Michael T. Rand, 52, Alpharetta, Georgia, was convicted of obstruction of justice, among other crimes, by a federal jury after a two week trial. Trial evidence showed that after being notified of the federal grand jury’s investigation of Beazer Homes USA, Inc. in March 2007, Rand deleted nearly 6,000 emails, obstructing the grand jury investigation then focused on the separate investigation into mortgage fraud at Beazer.
This was the second trial for the defendant, who was previously found guilty in October 2011. That verdict was later vacated due to juror misconduct and the Honorable Robert J. Conrad, Jr. ordered a re-trial.
The charges arise from a government investigation involving Beazer and its employees that began in March 2007. In July 2009, a federal bill of information was filed in U.S. District Court charging Beazer with, among other things, participation in the conspiracy and securities fraud with Rand. Beazer accepted responsibility for those charges and, in a deferred prosecution agreement, agreed to pay restitution of $50 million. Rand was indicted by a federal grand jury in August 2010.
The federal jury convicted Rand of five counts related to his conduct while serving as Beazer’s Chief Accounting Officer. Specifically, Rand was convicted of directing an accounting fraud conspiracy to falsify reported profits at Beazer by lying to Beazer’s auditors, fraudulently achieving earnings targets, falsifying Beazer’s books and records, and deceiving the public by boosting and lowering earnings at Beazer.
According to evidence presented at Rand’s second trial, Rand executed the conspiracy in two main ways: Between 2005 and 2006, Rand entered into a hidden oral side agreement with another company through one of its employees, which was designed to allow Beazer to obtain cash and to improperly report revenue from purported “sales” of model homes. This activity was in direct contravention of the accounting rules and hidden from Beazer’s auditors. Between 2000 and 2007, Rand directed a scheme to commit securities fraud and create false books and records at Beazer by practicing “cookie jar accounting,” which allowed Rand and others to falsely report profits in Beazer’s publicly reported financial statements.
Rand was convicted of conspiracy to commit securities fraud, to make false and misleading statements to auditors and accountants, to circumvent Beazer’s internal accounting controls, and to falsify the books, records, and accounts of Beazer. Rand was also convicted of engaging in a wire fraud conspiracy.
The jury also convicted Rand of obstruction of justice in relation to a federal grand jury investigation. Trial evidence showed that after being notified of the federal grand jury’s investigation of Beazer in March 2007, Rand deleted nearly 6,000 emails, obstructing the grand jury investigation then focused on the separate investigation into mortgage fraud at Beazer.
Finally, the jury convicted Rand of lying to hinder an investigation conducted by the Charlotte FBI and the U.S. Attorney’s Office in the Western District of North Carolina, by making numerous false statements to investigators on behalf of the Audit Committee of Beazer’s Board of Directors, after learning that such false statements would be reported to the FBI and the U.S. Attorney’s Office.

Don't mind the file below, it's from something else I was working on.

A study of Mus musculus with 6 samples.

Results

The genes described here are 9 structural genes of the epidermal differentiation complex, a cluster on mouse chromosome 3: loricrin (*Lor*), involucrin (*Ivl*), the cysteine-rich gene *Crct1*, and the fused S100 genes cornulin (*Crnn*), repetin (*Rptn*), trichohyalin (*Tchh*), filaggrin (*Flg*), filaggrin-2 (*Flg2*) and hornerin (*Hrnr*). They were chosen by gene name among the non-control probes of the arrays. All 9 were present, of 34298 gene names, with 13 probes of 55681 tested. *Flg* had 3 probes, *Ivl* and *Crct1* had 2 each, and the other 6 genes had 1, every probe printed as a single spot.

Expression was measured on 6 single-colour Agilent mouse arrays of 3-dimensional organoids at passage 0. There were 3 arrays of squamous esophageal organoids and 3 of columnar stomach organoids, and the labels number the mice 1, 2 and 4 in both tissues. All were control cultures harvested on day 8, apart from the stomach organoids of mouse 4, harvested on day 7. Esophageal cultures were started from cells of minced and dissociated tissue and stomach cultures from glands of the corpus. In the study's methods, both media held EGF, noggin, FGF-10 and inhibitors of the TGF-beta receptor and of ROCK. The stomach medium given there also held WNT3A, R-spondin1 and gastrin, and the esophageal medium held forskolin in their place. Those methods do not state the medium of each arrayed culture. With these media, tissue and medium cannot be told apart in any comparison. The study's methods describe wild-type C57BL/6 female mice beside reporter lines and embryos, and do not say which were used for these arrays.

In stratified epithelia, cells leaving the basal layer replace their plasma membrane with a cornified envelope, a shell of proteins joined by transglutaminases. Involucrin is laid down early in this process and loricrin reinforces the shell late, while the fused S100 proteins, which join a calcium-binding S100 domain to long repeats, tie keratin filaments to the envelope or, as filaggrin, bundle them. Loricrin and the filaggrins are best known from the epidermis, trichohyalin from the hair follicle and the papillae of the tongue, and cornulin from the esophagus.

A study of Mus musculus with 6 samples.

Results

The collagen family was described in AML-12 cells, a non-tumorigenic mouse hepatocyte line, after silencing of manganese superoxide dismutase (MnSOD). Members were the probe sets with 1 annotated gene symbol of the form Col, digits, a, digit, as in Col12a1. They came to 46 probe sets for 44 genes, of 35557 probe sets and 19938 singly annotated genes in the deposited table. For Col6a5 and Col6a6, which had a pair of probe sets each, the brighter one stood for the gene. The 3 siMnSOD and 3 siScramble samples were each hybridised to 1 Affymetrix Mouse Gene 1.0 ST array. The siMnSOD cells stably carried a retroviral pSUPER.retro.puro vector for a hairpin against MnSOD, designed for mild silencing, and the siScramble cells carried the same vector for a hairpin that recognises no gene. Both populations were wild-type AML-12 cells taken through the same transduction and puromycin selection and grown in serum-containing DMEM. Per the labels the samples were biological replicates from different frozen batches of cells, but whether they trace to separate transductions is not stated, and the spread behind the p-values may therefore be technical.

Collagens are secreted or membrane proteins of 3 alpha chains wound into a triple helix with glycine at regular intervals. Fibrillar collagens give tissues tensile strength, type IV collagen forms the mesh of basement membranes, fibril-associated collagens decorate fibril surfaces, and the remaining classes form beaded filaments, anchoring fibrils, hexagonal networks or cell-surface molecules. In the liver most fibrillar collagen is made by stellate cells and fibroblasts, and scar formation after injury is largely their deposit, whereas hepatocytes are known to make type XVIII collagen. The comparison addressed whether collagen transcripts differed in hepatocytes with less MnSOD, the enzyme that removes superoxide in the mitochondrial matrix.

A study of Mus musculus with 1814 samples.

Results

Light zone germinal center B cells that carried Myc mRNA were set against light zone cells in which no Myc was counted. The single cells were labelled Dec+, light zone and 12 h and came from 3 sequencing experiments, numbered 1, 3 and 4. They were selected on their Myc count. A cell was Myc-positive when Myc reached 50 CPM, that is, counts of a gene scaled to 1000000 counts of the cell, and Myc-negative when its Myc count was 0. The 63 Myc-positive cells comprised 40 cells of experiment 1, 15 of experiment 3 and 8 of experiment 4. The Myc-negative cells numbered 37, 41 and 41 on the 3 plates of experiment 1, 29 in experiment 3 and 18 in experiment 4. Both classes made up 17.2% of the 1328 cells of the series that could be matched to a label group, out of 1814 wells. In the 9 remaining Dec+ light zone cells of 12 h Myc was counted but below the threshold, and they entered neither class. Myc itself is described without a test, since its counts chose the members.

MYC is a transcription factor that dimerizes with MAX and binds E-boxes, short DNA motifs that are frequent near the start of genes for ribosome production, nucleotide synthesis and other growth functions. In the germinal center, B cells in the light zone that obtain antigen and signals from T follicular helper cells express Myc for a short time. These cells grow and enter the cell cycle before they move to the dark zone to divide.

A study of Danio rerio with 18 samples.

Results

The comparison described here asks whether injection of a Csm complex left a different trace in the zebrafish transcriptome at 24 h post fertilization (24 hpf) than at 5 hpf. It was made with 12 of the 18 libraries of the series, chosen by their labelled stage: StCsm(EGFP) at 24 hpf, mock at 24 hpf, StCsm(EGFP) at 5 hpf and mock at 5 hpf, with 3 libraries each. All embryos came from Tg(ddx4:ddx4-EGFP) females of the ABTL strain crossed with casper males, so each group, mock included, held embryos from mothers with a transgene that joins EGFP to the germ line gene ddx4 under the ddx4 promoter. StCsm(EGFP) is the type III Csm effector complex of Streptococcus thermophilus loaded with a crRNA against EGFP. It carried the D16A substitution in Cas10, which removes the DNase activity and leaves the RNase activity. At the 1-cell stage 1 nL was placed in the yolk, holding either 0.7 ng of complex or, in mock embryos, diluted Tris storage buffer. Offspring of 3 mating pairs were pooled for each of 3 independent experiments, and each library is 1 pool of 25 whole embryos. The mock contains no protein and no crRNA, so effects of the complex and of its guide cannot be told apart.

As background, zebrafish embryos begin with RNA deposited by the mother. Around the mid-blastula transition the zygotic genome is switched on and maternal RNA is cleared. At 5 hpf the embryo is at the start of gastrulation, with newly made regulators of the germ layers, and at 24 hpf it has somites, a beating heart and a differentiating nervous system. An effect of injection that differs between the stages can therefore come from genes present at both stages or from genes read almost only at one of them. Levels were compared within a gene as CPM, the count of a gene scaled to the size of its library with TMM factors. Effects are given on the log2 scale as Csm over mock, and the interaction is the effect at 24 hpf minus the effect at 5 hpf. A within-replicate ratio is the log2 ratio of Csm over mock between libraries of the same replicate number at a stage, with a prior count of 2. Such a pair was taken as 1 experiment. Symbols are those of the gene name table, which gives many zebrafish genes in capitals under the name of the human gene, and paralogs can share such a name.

The securities fraud conspiracy charge carries a maximum sentence of five years in prison and a $250,000 fine. Wire fraud conspiracy carries a maximum sentence of 20 years in prison and a $250,000 fine. The obstruction of justice charge carries a penalty of 20 years in prison and a $250,000 fine. The charge of misleading conduct to hinder an investigation carries a maximum prison term of 20 years and a $250,000 fine, and the obstruction of official proceedings charge carries a maximum prison term of 20 years and a $250,000 fine. Rand’s actual sentence will be determined by the U.S. District Court at sentencing. Rand has been released on bond until his sentencing hearing, which has not been set yet.
“The U.S. Attorney’s Office is committed to safeguarding the integrity of our financial markets from corporate executives like Rand, who put profits ahead of duty. Rand’s actions breached his obligation to the investors and the public and jeopardized the stability of the housing industry. Today’s verdict is a warning and a reminder that our office will continue to pursue corporate corruption to protect our economy,” said First Assistant U.S. Attorney Jill W. Rose, in making the announcement.
“The FBI makes it a high priority to protect shareholders and help to uphold the integrity of our financial markets. Today’s verdict should send a clear message that corporate fraud, in this case cooking the books, will not be tolerated and you engage in such frauds at the risk of your freedom,” stated John A. Strong, Special Agent in Charge for the Charlotte Division of the FBI.